Curing codependency

Codependent No More: How to Stop Controlling Others and Start Caring For Yourself by Melody Beattie
Click here to purchase Codependent No More: How to Stop Controlling Others and Start Caring for Yourself

If you look at the topics of the books I read and review, you’ll probably notice a pattern of abuse recovery books as well as personal growth books. That’s no coincidence. I grew up in an abusive/neglectful home with a father who disappeared for years at a time and an addict mother. I tried for many years, (as a child,) to get my parents to act like parents, but I couldn’t get them to meet their responsibilities and do what I knew parents were supposed to do. As an adult, I’ve entered a handful of similar relationships with people who had severe problems. Every time, I knew that the other person had issues they needed to resolve, but I kept trying and trying to get them to see that. For example, for many years, I dated a man who wasted all of his money on frivolous things then couldn’t pay his bills. Every time I bailed him out, I was frustrated and annoyed! Is it any wonder that therapists have labeled me codependent?

At first I was not happy to be told I was codependent. I think of codependents as controlling people and I’m not a controlling person. If anything, I’m too laid back and get run over all the time. But, I have also had this impossible goal of getting others to do the things they are supposed to do…like pay their bills, stop verbally abusing me, keep a job, etc…. But as I’ve finally learned, I can’t make people do the things they are supposed to be doing, so maybe I’m a recovering codependent? Anyway, I read this book because it’s supposed to be *the* classic book for codependency and I can see that I match many of the characteristics. At one point, I finally had to tell the man who wouldn’t pay his bills that I couldn’t be his keeper anymore. I was tired of having an adult child! So, apparently, I have learned some things from this book, (and living in general 🙂 )

Here are the chapter titles:
Part I–What’s Codependency, and Who’s Got It?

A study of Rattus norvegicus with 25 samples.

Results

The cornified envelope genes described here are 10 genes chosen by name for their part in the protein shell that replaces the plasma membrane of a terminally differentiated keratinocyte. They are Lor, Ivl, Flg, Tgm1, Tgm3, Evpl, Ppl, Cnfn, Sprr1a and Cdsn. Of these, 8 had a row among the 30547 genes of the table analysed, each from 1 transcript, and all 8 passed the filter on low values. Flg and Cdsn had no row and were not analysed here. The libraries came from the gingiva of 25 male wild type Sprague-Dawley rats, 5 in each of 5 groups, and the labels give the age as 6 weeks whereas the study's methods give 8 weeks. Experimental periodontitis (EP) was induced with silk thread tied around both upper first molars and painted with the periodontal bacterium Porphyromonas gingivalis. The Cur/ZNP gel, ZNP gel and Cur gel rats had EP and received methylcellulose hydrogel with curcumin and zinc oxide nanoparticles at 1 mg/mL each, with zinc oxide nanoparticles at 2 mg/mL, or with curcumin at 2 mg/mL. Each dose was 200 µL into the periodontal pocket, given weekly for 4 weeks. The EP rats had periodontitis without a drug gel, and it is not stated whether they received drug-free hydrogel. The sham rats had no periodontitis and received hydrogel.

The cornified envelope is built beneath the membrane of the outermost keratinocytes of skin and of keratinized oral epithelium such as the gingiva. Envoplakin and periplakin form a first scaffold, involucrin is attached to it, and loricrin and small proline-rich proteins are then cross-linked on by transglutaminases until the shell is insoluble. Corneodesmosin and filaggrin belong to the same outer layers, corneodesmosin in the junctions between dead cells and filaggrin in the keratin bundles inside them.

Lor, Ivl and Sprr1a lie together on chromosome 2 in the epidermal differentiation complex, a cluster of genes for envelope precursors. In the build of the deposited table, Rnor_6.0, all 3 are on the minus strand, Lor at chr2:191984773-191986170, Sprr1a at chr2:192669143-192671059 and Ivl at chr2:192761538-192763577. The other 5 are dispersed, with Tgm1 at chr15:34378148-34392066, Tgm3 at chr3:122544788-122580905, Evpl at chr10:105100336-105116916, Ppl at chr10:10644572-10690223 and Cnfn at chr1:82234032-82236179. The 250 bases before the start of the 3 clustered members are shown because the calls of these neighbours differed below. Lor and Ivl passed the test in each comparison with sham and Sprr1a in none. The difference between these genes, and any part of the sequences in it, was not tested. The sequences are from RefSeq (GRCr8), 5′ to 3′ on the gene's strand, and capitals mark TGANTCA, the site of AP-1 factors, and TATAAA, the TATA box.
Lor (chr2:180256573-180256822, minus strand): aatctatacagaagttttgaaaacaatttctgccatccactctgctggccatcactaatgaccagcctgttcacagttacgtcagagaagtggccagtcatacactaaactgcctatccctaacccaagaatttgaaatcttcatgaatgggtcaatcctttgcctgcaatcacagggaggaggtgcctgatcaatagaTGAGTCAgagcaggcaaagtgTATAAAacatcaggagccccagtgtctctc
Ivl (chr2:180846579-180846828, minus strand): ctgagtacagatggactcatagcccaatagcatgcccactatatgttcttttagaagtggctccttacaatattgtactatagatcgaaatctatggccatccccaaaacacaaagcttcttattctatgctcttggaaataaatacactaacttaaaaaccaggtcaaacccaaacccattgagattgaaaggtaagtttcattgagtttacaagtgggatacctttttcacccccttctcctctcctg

1. Jessica’s Story
2. Other Stories
3. Codependency
4. Codependent Characteristics

Part II–The Basics of Self-Care
5. Detachment
6. Don’t Be Blown About by Every Wind
7. Set Yourself Free
8. Remove the Victim
9. Undependence
10. Live Your Own Life
11. Have a Love Affair With Yourself
12. Learn the Art of Acceptance
13. Feel Your Own Feelings
14. Anger
15. Yes, You Can Think
16. Set Your Own Goals
17. Communication
18. Work a Twelve Step Program
19. Pieces and Bits:
20. Learning to Live and Love Again

The author starts by giving examples of codependency and characteristics. There are a LOT of characteristics and many ways to be codependent even if you don’t fit every “symptom.” Then, the rest of the book focuses on how you can learn to stop being a caregiver for others and can learn to focus on yourself. (And I don’t mean stop being a caregiver for truly needy people; stop being a caregiver for people who can or need to take care of themselves.) Many codependents give and give and give in an attempt to get people to like them, (or behave themselves,) and find themselves frustrated that they get nothing in return. The reality is, you can’t make that decision to give and then blame the other person for not reciprocating. Sure, ideally they would, but it’s still a decision you’ve made. You need to accept that reality but also realize that you can end your frustration by stopping that enabling behavior. In many ways, this book is about fixing yourself since you can’t fix the other person. These are important life lessons, especially for those of us who find that we always put ourselves last. I think this is a good book for anyone who realizes that they are living someone else’s life for them, (or at least trying to,) or someone who feels upset that they aren’t getting anything in return.